It's ironic that, although he is best known for low-budget horror movies, Pat Higgins' most terrifying feature is actually a documentary about notorious shock-rock singer Erika Spawn. In September 2014, to tie in with the new Director's Cut of The Devil's Music, Pat kindly answered a few questions about this powerful and disturbing film (For fun, we also did a 'fake interview' in which Pat pretended that The Devil's Music was fiction, just one of his low-budget horror movies.)
"I went into the project believing that Erika was either massively deluded or the perpetrator of one of the greatest hoaxes in popular culture. I was wrong. It occurs to me now, looking back at the footage, what an incredibly brave and perceptive woman she was."
What did the film’s participants think of The Devil’s Music, and are you still in contact with any of them?
"Eddie Meachum, Erika's manager, was very happy with the original cut. I heard he turned up to one of the festival showings and just sat in the back row, watching the audience react. I always liked Eddie and we kept in touch for quite a while. Around 2012, he deleted all social media and all his phone numbers stopped working. I heard he'd applied to that Google 'right to be forgotten' thing. I think it all just got too much for him yet again; he’s probably gone off to live in the desert somewhere. ZC, the drummer, apparently thought the movie was ‘okay’. I couldn't give a shit what Adele Black made of it."
I understand that since recording the commentary for the Director’s Cut you’ve been convalescing. Was your health affected by the stress of having to revisit this intense subject matter that you thought you had finished with?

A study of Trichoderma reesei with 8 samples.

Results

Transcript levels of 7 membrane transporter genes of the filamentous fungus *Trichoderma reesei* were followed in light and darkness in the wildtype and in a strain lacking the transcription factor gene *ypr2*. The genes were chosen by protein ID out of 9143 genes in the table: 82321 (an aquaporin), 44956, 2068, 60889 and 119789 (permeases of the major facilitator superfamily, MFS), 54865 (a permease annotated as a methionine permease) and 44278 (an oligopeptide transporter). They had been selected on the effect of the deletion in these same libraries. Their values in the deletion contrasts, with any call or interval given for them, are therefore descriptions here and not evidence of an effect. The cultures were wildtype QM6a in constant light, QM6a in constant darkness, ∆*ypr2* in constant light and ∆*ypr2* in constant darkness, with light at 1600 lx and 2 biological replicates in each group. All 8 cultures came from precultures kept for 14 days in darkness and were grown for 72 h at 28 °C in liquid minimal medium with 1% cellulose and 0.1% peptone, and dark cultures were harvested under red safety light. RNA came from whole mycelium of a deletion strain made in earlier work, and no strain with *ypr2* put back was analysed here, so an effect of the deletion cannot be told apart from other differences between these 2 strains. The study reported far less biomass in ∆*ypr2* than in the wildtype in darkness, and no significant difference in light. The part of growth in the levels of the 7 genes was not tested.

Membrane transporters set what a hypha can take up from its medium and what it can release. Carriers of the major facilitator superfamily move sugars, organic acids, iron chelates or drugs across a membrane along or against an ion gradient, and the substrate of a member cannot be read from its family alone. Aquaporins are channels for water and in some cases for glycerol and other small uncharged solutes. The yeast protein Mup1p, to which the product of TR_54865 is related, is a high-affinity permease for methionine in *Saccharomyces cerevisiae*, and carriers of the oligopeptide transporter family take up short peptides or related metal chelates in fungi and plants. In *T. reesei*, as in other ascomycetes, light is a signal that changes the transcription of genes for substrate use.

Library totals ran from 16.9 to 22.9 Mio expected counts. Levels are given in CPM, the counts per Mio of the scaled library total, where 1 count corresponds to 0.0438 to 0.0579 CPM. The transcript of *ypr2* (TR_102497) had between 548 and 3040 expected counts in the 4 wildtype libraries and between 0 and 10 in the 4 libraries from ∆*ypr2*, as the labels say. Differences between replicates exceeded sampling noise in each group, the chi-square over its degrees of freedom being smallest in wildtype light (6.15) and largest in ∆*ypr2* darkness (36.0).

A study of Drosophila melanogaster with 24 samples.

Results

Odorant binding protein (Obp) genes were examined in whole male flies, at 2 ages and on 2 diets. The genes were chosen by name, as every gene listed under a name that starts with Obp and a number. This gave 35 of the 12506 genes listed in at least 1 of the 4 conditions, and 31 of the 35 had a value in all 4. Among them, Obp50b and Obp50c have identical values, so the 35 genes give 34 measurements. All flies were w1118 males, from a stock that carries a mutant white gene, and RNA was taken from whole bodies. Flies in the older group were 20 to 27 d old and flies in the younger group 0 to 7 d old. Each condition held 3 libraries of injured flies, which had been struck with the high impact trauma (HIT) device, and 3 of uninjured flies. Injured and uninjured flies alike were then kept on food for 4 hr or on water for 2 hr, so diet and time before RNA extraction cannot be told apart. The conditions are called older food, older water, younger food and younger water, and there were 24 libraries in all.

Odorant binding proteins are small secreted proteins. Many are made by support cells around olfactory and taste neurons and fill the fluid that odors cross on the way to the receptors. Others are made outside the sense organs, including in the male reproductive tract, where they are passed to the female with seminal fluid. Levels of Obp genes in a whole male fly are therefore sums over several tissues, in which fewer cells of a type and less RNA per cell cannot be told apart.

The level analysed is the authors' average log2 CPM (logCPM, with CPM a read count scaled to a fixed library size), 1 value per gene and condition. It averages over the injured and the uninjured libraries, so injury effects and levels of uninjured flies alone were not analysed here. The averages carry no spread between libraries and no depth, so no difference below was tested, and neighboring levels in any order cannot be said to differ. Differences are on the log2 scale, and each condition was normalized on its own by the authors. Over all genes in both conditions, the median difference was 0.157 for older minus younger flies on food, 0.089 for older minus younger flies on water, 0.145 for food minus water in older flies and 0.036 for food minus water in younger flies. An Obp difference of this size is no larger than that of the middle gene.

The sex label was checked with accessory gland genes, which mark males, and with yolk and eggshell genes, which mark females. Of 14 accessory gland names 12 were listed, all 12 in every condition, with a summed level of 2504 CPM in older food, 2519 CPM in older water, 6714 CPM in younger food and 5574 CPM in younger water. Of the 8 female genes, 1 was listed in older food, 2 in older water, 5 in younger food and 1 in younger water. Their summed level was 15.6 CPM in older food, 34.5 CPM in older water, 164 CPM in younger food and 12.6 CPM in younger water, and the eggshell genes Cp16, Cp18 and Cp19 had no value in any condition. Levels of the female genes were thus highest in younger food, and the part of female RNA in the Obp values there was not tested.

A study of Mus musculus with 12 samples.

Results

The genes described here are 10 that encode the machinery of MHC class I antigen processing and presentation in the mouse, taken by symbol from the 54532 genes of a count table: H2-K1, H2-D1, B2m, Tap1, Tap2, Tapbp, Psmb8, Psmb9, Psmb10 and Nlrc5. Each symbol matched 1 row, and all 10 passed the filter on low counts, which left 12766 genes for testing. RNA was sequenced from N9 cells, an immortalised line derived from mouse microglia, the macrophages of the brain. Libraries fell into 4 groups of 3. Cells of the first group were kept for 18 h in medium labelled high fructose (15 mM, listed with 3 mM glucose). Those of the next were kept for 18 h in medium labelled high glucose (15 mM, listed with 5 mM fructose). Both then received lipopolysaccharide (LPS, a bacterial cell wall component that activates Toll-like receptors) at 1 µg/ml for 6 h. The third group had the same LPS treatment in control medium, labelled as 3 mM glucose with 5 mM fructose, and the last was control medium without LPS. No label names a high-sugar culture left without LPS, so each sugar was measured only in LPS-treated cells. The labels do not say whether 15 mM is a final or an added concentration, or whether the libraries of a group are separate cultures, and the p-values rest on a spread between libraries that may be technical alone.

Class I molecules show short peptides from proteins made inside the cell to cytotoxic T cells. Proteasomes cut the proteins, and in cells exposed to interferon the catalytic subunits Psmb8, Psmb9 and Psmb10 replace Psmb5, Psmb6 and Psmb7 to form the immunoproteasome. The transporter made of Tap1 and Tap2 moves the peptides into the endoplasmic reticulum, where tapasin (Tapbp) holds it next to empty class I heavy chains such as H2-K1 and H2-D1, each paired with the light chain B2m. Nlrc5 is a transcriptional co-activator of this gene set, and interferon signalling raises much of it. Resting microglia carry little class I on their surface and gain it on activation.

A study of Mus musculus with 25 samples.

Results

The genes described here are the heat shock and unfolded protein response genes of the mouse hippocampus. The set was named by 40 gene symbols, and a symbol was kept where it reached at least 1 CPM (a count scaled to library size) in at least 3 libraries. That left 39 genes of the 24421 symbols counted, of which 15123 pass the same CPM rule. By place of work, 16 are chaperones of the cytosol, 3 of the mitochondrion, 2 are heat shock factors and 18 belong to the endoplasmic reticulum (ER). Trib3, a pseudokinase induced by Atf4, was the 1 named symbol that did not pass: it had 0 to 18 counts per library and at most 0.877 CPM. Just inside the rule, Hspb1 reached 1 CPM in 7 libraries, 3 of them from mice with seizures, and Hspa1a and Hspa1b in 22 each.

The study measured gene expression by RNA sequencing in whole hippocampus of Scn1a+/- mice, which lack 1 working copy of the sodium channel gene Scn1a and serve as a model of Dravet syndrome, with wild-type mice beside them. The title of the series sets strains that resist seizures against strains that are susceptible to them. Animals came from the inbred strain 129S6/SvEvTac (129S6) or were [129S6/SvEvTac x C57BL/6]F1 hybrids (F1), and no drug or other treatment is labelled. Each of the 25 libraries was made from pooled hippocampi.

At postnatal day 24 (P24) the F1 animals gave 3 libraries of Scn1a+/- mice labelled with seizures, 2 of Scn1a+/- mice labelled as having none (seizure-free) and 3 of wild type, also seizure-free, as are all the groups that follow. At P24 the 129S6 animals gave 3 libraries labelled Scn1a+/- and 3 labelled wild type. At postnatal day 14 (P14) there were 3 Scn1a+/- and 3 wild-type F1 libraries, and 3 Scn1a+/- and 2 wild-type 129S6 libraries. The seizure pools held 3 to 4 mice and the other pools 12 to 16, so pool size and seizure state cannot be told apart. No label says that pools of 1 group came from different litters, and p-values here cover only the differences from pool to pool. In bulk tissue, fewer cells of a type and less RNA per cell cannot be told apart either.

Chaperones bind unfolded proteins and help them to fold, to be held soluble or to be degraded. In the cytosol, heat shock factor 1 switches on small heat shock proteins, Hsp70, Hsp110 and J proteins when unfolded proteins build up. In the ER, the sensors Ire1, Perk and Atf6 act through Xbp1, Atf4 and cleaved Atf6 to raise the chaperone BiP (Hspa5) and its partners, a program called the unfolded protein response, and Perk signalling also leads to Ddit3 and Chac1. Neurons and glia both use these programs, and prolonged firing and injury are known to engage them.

"They've labeled that commentary 'director's breakdown' or something on the DVD, which I think is a bit of a low blow. I always knew that revisiting the material was likely to provoke an intense reaction but I took the risk anyway. But, yes, it's been stressful. I can't imagine I'll be doing a tenth anniversary special edition in a couple of years. I’m now officially done with it."
What did you think of David Suddenham’s 2010 biography of Erika Spawn, which covered some of the same ground as your film but came to different conclusions?
"Suddenham is, I'm sure, sincere about the conclusions that he's come to given the limited research materials available to him. I'm sure he considers it a competently researched and adequately written biography, and I wish him well."
"I think it's genuine, sadly enough, and I think that the only real thing left open to discussion about the photograph is the date. Some argue that it was taken in 2005, but I've heard others argue for 2009 which, given the timelines we're dealing with here, would throw the veracity of everything we think we know into doubt."
Do you have any regrets at ever taking on this project?
"If I could have my time over again, I never would have gotten involved. I still hear voices in the night. Whispers in the shadows. He had teeth in his throat back then, and he still does."